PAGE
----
Ele Bowen cruised down the Ohio in 1855, and kept a detailed journal of places he passed. This is his
drawing of Covington. You can read his Rambles in the Path of the Steam-Horse in its entirety at Google Books.
|The Ohio River, August 24, 1883
at 1 foot, 11 inches, the all time
record low water mark.
More on this picture is here.
|Covington, looking north
from the Licking
Note the coal barges on the Covington side.
Coal is how your ancestors got heat, and if that coal supply was disrupted, say, by a flood, a crisis ensued.
|January, 1977. It's not just that it turned cold. For the river to freeze, it had to turn cold and stay cold for weeks and weeks.|
|Covington from the
Ohio River, c. 1964
Covington Riverfront, looking through the C & O (Bailey) Bridge
|The Covington River Front||The Covington River Front||The Covington Riverfront,
from the Marmet Coal Yards
An old lithograph of the Covington (far side) and Cincinnati riverfronts.
These old artists' renderings are generally pretty accurate.
|Believed to be 1945||Taken from the Cincinnati side.
same photographer; same day, but we don't know the date.
Additional pics of the boat on the right, the Hercules Carrel, are at this site.
|The John W. Hubbard
You more likely know it
as the Mike Fink Restaurant
|The Julius Fleischman passes
Covington. That's Mother of
God in the background.
|The Ferry Boat Kenton|
|The Sultana Burns||Outing on the Ohio, c. 1921
note the "Iron Maiden" (diving
suit) in the background
|Mark Twain Excursion Boat|
Ohio River Scene
The Hattie Brown in the Ice of 1917-18
You can see the Cincinnati and the Louisville, soon to be destroyed (see below) across on the Cincinnati side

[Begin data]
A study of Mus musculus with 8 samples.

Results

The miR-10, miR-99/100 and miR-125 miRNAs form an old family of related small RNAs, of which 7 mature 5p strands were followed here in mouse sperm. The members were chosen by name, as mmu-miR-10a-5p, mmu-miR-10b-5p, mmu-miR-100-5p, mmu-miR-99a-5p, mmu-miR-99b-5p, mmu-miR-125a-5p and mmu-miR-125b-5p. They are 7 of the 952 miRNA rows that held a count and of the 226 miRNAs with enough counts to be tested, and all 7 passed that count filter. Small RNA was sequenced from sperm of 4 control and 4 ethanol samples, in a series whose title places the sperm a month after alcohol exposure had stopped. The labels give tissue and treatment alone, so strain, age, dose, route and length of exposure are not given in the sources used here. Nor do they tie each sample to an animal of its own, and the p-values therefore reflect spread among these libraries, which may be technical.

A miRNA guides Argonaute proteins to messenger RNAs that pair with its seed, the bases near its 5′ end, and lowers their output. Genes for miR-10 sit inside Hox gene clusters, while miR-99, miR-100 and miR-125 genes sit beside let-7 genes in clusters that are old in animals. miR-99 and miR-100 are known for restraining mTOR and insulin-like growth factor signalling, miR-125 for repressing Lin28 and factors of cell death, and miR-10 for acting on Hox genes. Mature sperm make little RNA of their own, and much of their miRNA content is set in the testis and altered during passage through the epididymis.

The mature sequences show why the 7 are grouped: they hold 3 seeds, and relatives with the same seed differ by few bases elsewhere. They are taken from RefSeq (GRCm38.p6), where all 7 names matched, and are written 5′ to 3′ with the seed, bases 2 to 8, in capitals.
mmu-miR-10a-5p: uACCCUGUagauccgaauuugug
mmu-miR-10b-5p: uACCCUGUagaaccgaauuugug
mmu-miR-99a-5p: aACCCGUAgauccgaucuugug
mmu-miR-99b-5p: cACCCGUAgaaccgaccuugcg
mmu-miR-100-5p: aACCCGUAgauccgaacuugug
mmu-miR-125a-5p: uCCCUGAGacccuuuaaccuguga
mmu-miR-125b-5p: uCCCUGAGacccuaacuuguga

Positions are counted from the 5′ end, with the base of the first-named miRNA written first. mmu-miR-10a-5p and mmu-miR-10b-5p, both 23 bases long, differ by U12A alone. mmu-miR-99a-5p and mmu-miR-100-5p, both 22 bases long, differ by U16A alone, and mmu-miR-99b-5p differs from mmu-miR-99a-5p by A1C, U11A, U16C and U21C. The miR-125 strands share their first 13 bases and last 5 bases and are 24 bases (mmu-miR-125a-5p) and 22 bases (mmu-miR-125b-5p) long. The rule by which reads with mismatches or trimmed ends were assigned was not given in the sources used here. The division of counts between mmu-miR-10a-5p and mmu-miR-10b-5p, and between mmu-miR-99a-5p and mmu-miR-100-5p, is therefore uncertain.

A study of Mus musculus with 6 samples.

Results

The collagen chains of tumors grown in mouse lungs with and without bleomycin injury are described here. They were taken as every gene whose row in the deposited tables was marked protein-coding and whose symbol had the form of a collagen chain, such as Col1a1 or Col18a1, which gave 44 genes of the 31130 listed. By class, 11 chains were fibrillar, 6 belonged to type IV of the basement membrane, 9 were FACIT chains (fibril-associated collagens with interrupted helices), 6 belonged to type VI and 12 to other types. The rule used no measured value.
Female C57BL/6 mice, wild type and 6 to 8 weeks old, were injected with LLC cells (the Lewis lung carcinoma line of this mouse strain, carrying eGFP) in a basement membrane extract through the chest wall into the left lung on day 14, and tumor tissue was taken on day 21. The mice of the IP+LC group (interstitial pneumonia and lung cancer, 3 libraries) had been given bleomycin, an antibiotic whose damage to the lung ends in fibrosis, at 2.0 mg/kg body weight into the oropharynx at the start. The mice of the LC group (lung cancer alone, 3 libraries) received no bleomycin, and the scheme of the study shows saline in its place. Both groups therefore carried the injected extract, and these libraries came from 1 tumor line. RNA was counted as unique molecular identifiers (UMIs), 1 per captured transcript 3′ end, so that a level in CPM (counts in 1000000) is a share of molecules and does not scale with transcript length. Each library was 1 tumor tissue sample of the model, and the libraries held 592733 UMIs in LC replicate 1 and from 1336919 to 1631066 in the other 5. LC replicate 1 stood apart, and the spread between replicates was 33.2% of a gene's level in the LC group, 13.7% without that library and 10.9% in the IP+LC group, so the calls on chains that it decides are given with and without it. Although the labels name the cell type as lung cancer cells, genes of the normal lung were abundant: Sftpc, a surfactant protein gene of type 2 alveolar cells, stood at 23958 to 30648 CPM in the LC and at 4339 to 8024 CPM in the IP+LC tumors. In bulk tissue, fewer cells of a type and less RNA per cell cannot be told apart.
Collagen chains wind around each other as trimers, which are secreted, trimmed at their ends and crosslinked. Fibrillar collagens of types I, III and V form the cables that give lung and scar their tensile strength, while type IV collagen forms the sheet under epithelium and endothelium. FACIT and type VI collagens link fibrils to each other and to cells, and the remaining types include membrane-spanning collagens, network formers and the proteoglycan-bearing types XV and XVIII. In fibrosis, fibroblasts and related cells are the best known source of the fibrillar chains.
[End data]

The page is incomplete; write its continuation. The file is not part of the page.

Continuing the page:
|Ice on the Ohio||Wharf Boat in ice||The Cincinnati||The Louisville||Ice of 1893, looking south
January 21, 1893
In the days of steamboats, floods weren't the major problem (boats float), ice was. Before today's dams created
larger pools, which freeze less often, ice dams were a huge danger. The formation of ice crushed wooden
hulls, and when an ice dam gave way, it produced a torrent of ice floes - each of which could be as big as a house - which
tore the bejeezus out of anything and everything in front of it. The sounds of the ice breaking could be heard
for miles. The ice of 1917-1918, the date of the above pics, was one of the worst to hit this area. When the 1918
dam broke on January 30, 1918, the water in Cincinnati fell from 62 feet to 20 feet in 2 hours; imagine what
was happening downstream. Note the old Covington Court House in the background in the far left image.
Rates on the ferry above were 6 cents per person; eighteen cents for a man and a horse; one
More info on the old and new Ohio
A page of steamboat
|“Last year the ferry at Covington
crossed over 120,000 hogs.”
The Covington Journal,January 4, 1851
The problem encountered when visiting the riverfront in 1856? Too many naked people. Story here.